This note provides guidance on how to approach and assess energy subsidies, quantifying them where possible. It suggests a definition of subsidies and describes options for categorizing and measuring subsidies. It also outlines policy issues to consider in reforming the subsidies in developing countries. These issues include different ways in which subsidies can arise and be delivered, pitfalls in subsidy design and delivery, frequently observed discrepancies between design and implementation, and unintended consequences, including effects on energy suppliers.
The note describes the challenges of quantifying subsidies in both data collection and subjective judgment, and how the magnitude of subsidies so calculated may differ markedly from subsidies received by its intended beneficiaries. It covers fuels, electricity, and district heating. It also touches on non-energy use of oil, gas, and coal, such as naphtha, liquefied petroleum gas (LPG), and natural gas serving as feedstocks to make petrochemicals and fertilizers. ESRAF uses the word “prices” to refer to prices paid for all forms of energy, and “tariffs” to refer to a schedule of prices subject to economic regulation, such as those for electricity, natural gas, and district heating.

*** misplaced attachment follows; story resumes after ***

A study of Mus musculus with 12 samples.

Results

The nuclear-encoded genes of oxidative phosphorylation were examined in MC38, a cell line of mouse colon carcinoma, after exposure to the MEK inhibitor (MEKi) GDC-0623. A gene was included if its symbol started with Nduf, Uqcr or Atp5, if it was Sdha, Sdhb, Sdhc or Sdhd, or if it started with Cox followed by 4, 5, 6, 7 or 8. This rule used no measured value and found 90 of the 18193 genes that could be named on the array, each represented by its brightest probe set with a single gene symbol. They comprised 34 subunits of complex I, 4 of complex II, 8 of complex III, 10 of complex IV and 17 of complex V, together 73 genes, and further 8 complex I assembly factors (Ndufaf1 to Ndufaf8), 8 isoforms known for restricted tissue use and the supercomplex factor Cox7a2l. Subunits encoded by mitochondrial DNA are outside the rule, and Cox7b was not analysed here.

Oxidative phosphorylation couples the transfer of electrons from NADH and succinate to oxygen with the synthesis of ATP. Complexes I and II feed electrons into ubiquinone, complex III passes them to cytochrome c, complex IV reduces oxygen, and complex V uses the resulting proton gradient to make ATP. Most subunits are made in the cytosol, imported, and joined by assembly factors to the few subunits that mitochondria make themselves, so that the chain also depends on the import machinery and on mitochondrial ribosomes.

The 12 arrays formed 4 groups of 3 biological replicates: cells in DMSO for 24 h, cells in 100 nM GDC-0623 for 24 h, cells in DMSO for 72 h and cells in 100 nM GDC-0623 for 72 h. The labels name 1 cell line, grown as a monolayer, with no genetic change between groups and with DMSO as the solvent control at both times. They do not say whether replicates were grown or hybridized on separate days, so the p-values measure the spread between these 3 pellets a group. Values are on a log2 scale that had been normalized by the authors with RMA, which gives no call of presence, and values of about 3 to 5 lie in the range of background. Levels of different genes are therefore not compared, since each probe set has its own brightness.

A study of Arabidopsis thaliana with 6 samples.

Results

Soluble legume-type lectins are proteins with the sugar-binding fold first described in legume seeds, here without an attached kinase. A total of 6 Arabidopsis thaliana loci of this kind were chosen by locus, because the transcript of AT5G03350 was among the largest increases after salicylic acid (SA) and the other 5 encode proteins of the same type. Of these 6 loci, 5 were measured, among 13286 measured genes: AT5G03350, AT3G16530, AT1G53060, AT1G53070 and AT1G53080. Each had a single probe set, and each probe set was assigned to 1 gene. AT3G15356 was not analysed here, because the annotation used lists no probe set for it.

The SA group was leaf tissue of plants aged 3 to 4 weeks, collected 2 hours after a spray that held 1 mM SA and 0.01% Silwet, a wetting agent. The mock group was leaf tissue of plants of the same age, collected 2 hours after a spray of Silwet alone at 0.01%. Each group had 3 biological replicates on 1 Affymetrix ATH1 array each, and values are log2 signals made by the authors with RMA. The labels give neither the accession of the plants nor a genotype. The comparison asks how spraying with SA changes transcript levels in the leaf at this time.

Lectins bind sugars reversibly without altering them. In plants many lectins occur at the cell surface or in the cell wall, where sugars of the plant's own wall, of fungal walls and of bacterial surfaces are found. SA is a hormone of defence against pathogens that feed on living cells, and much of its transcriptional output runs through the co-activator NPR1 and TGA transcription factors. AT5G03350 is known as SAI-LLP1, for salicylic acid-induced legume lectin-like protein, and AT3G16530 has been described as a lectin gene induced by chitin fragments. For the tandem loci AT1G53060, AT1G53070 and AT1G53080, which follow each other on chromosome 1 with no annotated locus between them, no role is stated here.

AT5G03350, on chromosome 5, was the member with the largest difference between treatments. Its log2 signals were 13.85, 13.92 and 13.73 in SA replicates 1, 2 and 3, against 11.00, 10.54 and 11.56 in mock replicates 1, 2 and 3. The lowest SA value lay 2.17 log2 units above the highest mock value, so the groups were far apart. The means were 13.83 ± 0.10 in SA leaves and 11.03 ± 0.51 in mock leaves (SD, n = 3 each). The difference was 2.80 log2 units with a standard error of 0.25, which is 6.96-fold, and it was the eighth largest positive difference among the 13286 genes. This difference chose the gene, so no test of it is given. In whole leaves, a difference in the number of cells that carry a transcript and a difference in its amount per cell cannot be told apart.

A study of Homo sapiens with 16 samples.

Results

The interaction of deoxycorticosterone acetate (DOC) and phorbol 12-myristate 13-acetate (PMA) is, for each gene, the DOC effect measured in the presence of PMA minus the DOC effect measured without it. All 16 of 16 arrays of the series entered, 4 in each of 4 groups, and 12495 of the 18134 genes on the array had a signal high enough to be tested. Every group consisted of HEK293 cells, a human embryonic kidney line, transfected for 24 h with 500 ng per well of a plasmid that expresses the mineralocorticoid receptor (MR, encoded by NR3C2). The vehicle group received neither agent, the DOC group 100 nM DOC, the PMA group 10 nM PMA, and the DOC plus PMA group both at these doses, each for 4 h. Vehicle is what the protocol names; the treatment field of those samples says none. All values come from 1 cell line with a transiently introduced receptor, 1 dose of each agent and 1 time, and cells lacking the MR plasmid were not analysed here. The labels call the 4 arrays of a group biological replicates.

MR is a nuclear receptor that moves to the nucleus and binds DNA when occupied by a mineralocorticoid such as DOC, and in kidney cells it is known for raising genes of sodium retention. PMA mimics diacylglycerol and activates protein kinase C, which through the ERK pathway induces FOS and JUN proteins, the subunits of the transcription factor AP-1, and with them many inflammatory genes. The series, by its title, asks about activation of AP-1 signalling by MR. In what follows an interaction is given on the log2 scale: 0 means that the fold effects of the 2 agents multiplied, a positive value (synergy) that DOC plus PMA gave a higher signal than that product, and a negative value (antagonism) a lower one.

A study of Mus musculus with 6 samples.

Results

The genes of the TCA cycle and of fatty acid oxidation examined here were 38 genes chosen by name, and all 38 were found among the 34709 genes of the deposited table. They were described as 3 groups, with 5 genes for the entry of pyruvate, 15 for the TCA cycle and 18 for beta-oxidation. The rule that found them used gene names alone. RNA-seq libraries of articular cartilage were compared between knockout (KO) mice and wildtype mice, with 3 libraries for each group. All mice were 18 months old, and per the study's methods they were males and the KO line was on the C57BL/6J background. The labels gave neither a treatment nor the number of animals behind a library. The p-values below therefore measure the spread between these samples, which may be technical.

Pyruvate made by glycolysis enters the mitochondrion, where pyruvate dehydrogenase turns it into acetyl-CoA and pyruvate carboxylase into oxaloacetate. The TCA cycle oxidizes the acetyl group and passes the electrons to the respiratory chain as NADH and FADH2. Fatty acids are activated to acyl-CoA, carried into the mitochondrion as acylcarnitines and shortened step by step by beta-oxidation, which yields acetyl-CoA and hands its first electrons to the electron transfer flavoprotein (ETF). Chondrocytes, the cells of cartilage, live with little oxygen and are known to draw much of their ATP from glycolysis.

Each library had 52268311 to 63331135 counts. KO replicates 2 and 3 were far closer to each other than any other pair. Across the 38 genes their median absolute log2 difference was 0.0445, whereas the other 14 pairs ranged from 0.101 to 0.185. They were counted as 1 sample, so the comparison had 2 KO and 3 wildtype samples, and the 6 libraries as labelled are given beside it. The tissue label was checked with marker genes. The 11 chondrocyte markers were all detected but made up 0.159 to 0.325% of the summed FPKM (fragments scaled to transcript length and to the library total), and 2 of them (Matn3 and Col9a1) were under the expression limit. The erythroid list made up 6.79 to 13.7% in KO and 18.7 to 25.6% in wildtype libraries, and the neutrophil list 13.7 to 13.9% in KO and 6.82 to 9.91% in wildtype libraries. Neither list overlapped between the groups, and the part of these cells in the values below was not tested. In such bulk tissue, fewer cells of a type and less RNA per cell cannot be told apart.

This note excludes from detailed discussion subsidies specifically targeting renewable energy, except certain liquid biofuels that are blended with petroleum fuels and renewable energy that is part of the power mix. Because district heating is confined largely to Europe and Central Asia, it is covered in the definition and categories of subsidies, but is otherwise not treated in detail.
The note is available for download from the World Bank website.